Reimbursement for Remote Service DeliveryUpdated December 3, 2021, 11:28 AM
The resources below provide information from national and state policies on tele-intervention/telehealth reimbursement. Telehealth is the most common term when it comes to reimbursement under Medicaid and private health insurance plans. However, states should contact their state Medicaid agency and the agency that oversees private health plans regarding billing and reimbursement requirements and guidelines.
All fifty states and Washington, DC provide reimbursement for some form of live video in Medicaid fee-for-service. Some states have certain limits whether by type of service, type of provider/practitioner, or location of patient (family) – originating site.
The Center for Connected Health Policy (CCHP) – National Telehealth Policy Resource (NTPR) Center provides an interactive map that links to the Medicaid policies for each state reimbursement for telehealth.
Thirty-four states reimburse either a transmission, facility fee, or both. Of these, the facility fee is the most common. Some state policy includes that the reimbursement rate be equal to the amount that would have been reimbursed had the same service been delivered in-person.
The NTPR Center also includes a list of COVID-19 Related State Policy Actions related to telehealth, including expansion of the home being considered the originating site, allowing use of the telephone (not just video) and relaxing consent requirements. NTPR Center has produced a Webinar on State Telehealth Policy and COVID-19.
Telepractice for Part C Early Intervention Services: Considerations for Effective Implementation and Medicaid Reimbursement
This document, compiled by ECTA and DaSy in collaboration with ITCA, can support states in securing Medicaid coverage for telepractice as a method of service delivery beyond the public health emergency of the COVID-19 pandemic. To plan for the continued successful use of telepractice, states will need to:
- make decisions based on all available data,
- explore state and federal policies and requirements,
- consider and respond to issues related to Medicaid reimbursement,
- develop policies, procedures, and
- provide information and supports for families, providers, and state staff.
States can use the state examples, resources, and information in the four appendices to develop their own state-specific policies, procedures, and written guidance for using Medicaid dollars to reimburse for telepractice.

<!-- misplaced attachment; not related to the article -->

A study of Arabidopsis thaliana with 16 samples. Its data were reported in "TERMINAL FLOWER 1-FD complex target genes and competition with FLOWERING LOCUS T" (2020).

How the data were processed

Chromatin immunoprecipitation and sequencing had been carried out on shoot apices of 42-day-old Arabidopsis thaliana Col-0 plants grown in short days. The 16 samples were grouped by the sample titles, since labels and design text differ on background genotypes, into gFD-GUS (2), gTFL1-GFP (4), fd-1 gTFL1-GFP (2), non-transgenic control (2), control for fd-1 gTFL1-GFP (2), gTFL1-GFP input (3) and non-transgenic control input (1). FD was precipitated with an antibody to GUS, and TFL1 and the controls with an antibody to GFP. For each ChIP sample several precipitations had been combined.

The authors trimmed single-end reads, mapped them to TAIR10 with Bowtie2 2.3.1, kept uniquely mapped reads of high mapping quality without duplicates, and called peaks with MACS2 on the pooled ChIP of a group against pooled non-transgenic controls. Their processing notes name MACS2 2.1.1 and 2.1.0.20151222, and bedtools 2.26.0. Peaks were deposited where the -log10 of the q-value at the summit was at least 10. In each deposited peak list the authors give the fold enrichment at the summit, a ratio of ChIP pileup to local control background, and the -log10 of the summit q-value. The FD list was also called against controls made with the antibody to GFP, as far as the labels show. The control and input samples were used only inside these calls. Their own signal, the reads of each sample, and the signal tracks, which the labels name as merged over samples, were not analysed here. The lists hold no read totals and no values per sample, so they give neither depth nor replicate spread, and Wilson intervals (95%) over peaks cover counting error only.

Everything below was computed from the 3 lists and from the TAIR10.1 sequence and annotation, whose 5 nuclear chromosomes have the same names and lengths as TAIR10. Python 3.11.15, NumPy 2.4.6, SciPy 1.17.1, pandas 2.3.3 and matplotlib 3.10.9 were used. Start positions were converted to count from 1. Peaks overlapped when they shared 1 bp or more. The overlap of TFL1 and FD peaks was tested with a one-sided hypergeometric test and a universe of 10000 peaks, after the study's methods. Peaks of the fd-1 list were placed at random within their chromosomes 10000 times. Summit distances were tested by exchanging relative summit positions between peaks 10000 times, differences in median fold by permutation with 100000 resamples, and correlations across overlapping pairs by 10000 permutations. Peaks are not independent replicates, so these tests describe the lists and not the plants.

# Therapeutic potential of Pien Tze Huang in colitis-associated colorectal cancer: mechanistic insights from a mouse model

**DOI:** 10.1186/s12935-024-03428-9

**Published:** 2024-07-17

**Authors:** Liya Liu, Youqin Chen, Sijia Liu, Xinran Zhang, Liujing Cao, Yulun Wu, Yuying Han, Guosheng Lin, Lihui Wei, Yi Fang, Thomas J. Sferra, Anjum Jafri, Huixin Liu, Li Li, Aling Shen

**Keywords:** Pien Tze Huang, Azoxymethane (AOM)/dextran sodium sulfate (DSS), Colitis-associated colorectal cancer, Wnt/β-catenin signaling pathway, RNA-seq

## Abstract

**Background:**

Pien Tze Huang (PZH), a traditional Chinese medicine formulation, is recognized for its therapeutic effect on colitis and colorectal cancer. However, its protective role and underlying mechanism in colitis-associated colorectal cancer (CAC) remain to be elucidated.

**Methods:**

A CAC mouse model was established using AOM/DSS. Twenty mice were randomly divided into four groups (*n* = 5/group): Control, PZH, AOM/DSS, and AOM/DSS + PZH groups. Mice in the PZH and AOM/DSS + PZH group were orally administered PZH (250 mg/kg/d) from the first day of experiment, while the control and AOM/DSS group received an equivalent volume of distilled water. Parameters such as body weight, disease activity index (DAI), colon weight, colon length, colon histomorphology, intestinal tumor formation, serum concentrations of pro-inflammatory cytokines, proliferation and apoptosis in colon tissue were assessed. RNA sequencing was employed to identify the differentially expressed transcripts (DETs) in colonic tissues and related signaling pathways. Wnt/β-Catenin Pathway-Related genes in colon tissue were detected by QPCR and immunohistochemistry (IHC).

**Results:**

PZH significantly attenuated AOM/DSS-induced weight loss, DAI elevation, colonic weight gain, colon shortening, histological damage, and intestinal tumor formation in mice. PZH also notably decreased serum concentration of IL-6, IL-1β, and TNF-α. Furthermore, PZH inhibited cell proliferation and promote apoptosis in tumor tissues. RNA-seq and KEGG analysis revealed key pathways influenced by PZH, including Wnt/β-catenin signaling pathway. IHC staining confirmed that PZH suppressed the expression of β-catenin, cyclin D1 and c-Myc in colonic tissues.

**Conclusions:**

in collaboration with:
State Medicaid and CHIP Telehealth Toolkit Policy Considerations for States Expanding Use of Telehealth-COVID-19 Version
The Centers for Medicare and Medicaid Services' (CMS) April 2020 toolkit helps states identify policies that may impede the rapid deployment of telehealth when providing care. It provides issues for states to consider as they evaluate the need to expand their telehealth capabilities and coverage policies, such as telehealth eligibility for patient populations, providers and practitioners; coverage and reimbursement policies; technology requirements; and pediatric considerations.
COVID-19 Frequently Asked Questions (FAQs) for State Medicaid and Children's Health Insurance Program (CHIP) Agencies (CMS, 2021)
This document answers questions about Medicaid and CHIP ranging from emergency preparedness to flexibilities in eligibility and enrollment, benefits, cost-sharing, managed care and health information exchange. On pages 73-76, questions 7-11 under telehealth may be particularly relevant to Part C and 619 programs concerning EPSDT, schools, and IFSPs/IEPs.
Forty states and DC currently have a law that governs private payer telehealth reimbursement policy. The Center for Connected Health Policy (CCHP) – National Telehealth Policy Resource (NTPR) Center website includes an interactive map to link to the private payor policies regarding each state's reimbursement for telehealth. The map below from CCHP shows the states that currently have private payor laws regarding telehealth.